Estimated read time: 4-5 minutes

SALT LAKE CITY — Jaren Jackson, Jr. may never have had a better sequence.

He won a pivotal jump ball from Rudy Gobert with 12.4 seconds left in the game and then hit a game-winning 3-pointer. That's how Memphis shocked the Utah Jazz and came back from 6 points down with a little over a minute remaining to steal a 119-118 victory Monday at Vivint Arena.

One by one, the Jazz came to the postgame media session in hushed voices: This one hurt. Bojan Bogdanovic's fourth quarter heroics — four 3-pointers and 12 points — appeared to be enough for the Jazz to finally pull away from the young Grizzlies.

Bogdanovic's final shot was a sidestep, fadeaway deep corner 3 over a perfectly played defense by Brandon Clarke that looked like it would be the backbreaker. When Clarke turned and saw the ball go in with 1:28 left to give Utah a 118-112 lead, he looked deflated.

Looks can be deceiving.

So how did the Jazz cough up the lead?

  • Memphis got three offensive rebounds in the final 90 seconds.
  • Utah lacked offensive execution and settled for long 3s or they'd lose the ball altogether.
  • There was some bad luck on an offensive interference review.
  • Gobert lost the tip to Jackson to set up the final Memphis play.
  • Jackson made his final shot; Donovan Mitchell didn't make his last-second attempt.

Since it was the talk of Jazz fans following the loss, let's begin with the offensive interference call. With 14.8 seconds left in the game, Morant missed a free throw. As the ball was rolling off the rim, Jackson jumped up and tried to tip it in.

The put-back attempt rolled off the rim and was followed by a missed put-back attempt by Morant before finally settling into Royce O'Neale's hands. It seemed like it was Utah's possession with a 2-point lead, right? Nope. The rebound didn't officially happen.

The refs called Jackson for basket interference, which obviously would have benefited Utah, but on review deemed that the ball didn't have a chance to score and was coming off the cylinder. That meant the Jazz went from having secured a rebound to a jump ball at center court.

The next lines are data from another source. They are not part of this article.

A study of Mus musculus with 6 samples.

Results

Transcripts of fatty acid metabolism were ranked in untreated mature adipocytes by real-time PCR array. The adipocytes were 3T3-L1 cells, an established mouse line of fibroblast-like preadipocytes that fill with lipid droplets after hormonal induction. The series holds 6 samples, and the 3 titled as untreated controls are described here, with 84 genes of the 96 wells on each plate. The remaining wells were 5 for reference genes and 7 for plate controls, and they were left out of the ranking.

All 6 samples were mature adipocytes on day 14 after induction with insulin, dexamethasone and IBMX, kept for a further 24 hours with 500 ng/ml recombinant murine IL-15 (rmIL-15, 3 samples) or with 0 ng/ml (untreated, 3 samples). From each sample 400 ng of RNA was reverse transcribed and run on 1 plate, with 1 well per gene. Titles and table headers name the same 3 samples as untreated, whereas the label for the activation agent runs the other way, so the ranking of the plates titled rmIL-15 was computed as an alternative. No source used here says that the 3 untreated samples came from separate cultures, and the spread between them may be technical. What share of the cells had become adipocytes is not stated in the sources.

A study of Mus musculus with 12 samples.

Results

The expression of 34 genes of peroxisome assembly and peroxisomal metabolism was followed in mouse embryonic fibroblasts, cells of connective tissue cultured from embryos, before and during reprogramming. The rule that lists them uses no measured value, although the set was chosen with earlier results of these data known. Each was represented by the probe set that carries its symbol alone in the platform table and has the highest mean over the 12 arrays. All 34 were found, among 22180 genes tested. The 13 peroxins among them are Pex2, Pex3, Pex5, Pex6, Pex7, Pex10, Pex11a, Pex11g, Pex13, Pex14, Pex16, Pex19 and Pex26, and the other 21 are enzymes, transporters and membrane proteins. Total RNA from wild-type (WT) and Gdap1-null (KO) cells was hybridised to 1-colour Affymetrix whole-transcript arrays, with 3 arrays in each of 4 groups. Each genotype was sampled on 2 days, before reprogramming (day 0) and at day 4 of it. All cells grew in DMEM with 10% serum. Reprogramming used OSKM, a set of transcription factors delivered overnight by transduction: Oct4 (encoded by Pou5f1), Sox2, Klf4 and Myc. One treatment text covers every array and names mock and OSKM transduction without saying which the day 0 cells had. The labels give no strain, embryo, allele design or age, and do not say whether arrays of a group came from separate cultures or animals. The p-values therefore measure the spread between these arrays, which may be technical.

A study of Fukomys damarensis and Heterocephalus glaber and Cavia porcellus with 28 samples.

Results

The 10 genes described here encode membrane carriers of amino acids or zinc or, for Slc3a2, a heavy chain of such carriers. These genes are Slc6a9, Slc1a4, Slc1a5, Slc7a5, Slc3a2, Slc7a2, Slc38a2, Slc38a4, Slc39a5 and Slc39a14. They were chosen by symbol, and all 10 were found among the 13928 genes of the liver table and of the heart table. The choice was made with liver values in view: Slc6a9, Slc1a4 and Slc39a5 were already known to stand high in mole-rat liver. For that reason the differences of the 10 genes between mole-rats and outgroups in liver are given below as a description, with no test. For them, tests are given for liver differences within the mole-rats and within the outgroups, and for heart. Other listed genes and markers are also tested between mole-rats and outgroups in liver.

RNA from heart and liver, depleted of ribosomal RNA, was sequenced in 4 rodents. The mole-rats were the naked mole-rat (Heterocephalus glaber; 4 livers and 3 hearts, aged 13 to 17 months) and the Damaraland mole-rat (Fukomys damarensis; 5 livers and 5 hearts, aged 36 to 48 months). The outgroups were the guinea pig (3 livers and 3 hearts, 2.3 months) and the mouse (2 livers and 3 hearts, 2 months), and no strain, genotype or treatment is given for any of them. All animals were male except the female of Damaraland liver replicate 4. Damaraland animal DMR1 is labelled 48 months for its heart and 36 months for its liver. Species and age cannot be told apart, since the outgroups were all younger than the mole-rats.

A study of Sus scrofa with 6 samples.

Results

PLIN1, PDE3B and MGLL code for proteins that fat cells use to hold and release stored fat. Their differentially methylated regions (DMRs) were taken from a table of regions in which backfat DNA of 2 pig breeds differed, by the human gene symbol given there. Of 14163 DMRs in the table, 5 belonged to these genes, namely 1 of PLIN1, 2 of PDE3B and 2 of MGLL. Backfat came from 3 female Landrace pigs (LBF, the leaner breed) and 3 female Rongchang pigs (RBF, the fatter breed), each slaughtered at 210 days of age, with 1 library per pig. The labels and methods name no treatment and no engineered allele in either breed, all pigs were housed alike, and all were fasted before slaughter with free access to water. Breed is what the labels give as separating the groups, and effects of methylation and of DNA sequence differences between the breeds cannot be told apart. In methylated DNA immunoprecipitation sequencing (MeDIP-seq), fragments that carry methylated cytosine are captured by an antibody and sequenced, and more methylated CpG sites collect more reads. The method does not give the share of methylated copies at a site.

"I don't want to put the game on that, but it didn't help," Gobert said before admitting that: "I could have won the jump ball. That would have won the game, too."

It was bad luck — simple as that.

The refs appeared to do everything right in the situation — it looked like basket interference live, so they blew the whistle. They went to the monitors, decided it wasn't, and by rule that meant a jump ball.

"There are certain things that we can control," Snyder said. "Those are the things that as much as anything we focus on."

The offensive interference contributed to the loss, no doubt, but it was far from the only thing. The loss to the Grizzlies followed the same script for many of Utah's other defeats this season: The Jazz were awful in transition defense, they allowed 16 offensive rebounds and had questionable decision making late.

"It's not just one player and we can take him out and we can blame him, it's our whole group that is not doing the great job on transition defense and defensive glass," Bogdanovic said.

New game, same old problems.

"We are up 6 with a minute left, and we have three possessions where we don't execute on offense, and three possessions in a row we give up offensive rebounds," Gobert said. "Just too many mistakes for a team that has the kind of experience that's not acceptable."

The officials may have blown an unnecessary whistle at the end, but the Jazz's best players had their own killer mistakes, too.

In the final minute, Gobert fouled Morant, lost a jump ball and then lost track of Jackson on his game-winning shot. Gobert was deep into the paint to stop Morant from getting to the basket, which left Jackson wide open.

Mitchell also had an awful turnover with 17 seconds left where he dribbled the ball off his foot as he tried to beat Jackson in isolation. The play summed up Utah's final few possessions: lots of dribbling and then forcing up bad shots. Mitchell's final fadeaway jumper that would have won the game is included in that.

"They made plays; we didn't," Mike Conley said. "That's what it comes down to in a game like this."